As everything but non-essential jobs close to hopefully halt the spread of COVID-19, a staple in the lives of many University of Utah students has also been closing — church.
Many different churches, such as the Presbyterian church, have held services via livestreaming, and Pope Francis encouraged members who cannot go to confessional to take their sorrows and sins directly to God in a livestreamed morning mass on March 20.
Drastically changing their normal practices, a Sephardic council of rabbis have made a ruling to allow livestreamed Seders for Passover this year, where electronics are typically prohibited.
Closing churches and other religious places is not just disrupting Sunday services, however. Alejandra Pivaral, a freshman studying marriage and family counseling and a member of the Church of Jesus Christ of Latter-day Saints, had to completely change her wedding plans.
Pivaral had planned to get married on May 2 to Jacob Tedders, a junior majoring in Latin American studies, in the Provo City Center temple.
“As everything started to slowly shut down, we realized we just didn’t know if the temple would be open by May 2, if our family from out of town would be able to travel or if it would be realistic to have a reception if we can’t gather together,” she said.
The couple had to then quickly prioritize and decide what was most important to them, Piraval said.
“For us, it was getting married in the temple, and at that point, we felt like we were racing against the rest of the world to get our relatives here and ourselves married in the temple,” she said.
After calling every temple in the Salt Lake Valley, they were able to schedule for March 20, 2020. Pivaral’s mom was able to fly in from Guatemala, but Tedder’s family could not attend because his sister was getting married the same weekend.
The leaders of the church temporarily closed all temples five days later.
“We felt so lucky … Had we waited any longer, we wouldn’t have able to be sealed, and we don’t know how long it would’ve taken for us to get sealed,” Pivaral said. Sealings are an ordinance between a husband and wife that are only performed in temples. Members of the church believe that sealing bonds spouses after death.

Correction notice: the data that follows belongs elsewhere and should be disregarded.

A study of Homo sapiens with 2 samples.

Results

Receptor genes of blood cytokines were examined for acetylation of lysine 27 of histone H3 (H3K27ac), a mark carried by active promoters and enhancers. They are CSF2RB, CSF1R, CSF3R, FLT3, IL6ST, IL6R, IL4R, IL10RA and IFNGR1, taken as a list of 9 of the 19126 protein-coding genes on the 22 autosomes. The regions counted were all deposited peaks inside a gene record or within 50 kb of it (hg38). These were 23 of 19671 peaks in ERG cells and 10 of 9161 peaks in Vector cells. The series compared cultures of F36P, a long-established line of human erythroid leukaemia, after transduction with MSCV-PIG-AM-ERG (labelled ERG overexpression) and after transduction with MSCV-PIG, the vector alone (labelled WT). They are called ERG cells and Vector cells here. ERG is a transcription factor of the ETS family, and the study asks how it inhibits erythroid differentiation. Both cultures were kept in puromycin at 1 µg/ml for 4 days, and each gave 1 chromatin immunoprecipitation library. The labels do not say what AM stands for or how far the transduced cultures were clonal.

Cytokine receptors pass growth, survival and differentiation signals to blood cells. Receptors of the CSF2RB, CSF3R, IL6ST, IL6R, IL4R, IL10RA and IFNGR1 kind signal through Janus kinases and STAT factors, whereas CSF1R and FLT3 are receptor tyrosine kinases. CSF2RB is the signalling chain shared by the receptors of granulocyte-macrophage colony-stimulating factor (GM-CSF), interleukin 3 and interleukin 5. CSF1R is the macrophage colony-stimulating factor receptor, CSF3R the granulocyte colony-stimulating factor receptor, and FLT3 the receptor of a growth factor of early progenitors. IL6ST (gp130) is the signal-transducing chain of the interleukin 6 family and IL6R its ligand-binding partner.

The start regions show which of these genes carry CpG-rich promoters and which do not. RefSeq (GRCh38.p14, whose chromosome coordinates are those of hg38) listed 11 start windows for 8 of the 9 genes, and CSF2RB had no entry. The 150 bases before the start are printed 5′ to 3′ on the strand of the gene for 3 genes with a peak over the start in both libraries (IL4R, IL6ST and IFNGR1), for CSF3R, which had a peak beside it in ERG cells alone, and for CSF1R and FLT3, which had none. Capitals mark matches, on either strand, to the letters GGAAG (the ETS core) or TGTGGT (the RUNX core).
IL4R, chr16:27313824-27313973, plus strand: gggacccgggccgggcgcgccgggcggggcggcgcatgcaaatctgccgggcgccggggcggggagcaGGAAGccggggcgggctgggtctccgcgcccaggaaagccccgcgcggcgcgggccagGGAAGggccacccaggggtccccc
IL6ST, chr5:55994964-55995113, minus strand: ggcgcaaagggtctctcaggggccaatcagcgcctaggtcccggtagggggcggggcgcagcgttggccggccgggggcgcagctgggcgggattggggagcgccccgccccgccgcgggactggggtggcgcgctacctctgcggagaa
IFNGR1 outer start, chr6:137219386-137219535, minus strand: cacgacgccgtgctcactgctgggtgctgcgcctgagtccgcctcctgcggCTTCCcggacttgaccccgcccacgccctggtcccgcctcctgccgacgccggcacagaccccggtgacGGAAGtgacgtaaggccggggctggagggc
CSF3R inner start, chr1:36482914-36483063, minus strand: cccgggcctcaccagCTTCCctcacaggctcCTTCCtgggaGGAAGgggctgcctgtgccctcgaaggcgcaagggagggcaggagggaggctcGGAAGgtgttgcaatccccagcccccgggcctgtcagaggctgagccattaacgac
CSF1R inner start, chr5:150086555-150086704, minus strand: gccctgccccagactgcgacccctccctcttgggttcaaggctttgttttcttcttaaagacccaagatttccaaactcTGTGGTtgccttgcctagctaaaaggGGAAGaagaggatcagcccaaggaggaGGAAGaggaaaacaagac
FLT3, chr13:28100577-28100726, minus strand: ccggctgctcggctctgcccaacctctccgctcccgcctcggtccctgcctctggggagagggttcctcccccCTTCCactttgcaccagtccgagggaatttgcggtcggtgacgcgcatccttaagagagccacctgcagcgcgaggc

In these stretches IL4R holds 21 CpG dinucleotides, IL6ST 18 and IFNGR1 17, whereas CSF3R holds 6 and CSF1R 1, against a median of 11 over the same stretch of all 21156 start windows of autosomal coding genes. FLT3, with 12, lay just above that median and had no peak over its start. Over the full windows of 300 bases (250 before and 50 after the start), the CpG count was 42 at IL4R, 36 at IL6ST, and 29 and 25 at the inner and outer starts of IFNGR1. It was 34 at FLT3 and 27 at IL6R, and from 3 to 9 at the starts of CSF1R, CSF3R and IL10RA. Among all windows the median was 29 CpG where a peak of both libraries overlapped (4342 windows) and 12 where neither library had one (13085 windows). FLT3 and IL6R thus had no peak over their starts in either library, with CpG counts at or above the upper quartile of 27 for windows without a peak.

Pivaral also has many friends who were planning to get married in the upcoming weeks and months who have had to either postpone, move forward or cancel their weddings.
“They’ve felt scared and uncertain about if their plans will work out, but the majority have a hopeful attitude,” she said.
Timothy Steinmann, an entrepreneurship major and leader in one of the U’s student congregations of the Church of Jesus Christ of Latter-Day Saints, said that he knows a couple who decided to get legally married first and then get sealed in the temple later.
“I was sad to hear the temples are closing, but it makes sense,” he said.
The majority of workers in church temples are older members, often over the age of 60, which is a high-risk population for COVID-19.
Steinmann said the hardest part of the church’s closure is trying to contact everyone in his ward to see how they are doing without physically visiting them.
“Of course that presents a great opportunity to reach out to people through technology,” he said, “From my experience, more members have reached out in love to me than before.”
Bryn Swain, a student studying theater teaching and another leader in the congregation, said the church was prepared for this change. Even before the coronavirus outbreak, the church had shifted instruction and set up a curriculum that outlines how people can study the gospel in depth at home.
“I also believe that God knows that this is happening, and he has a plan for us and that we’ll come out alright on the other side of this,” she said.
Most churches and sacred buildings are closed for an indefinite period of time.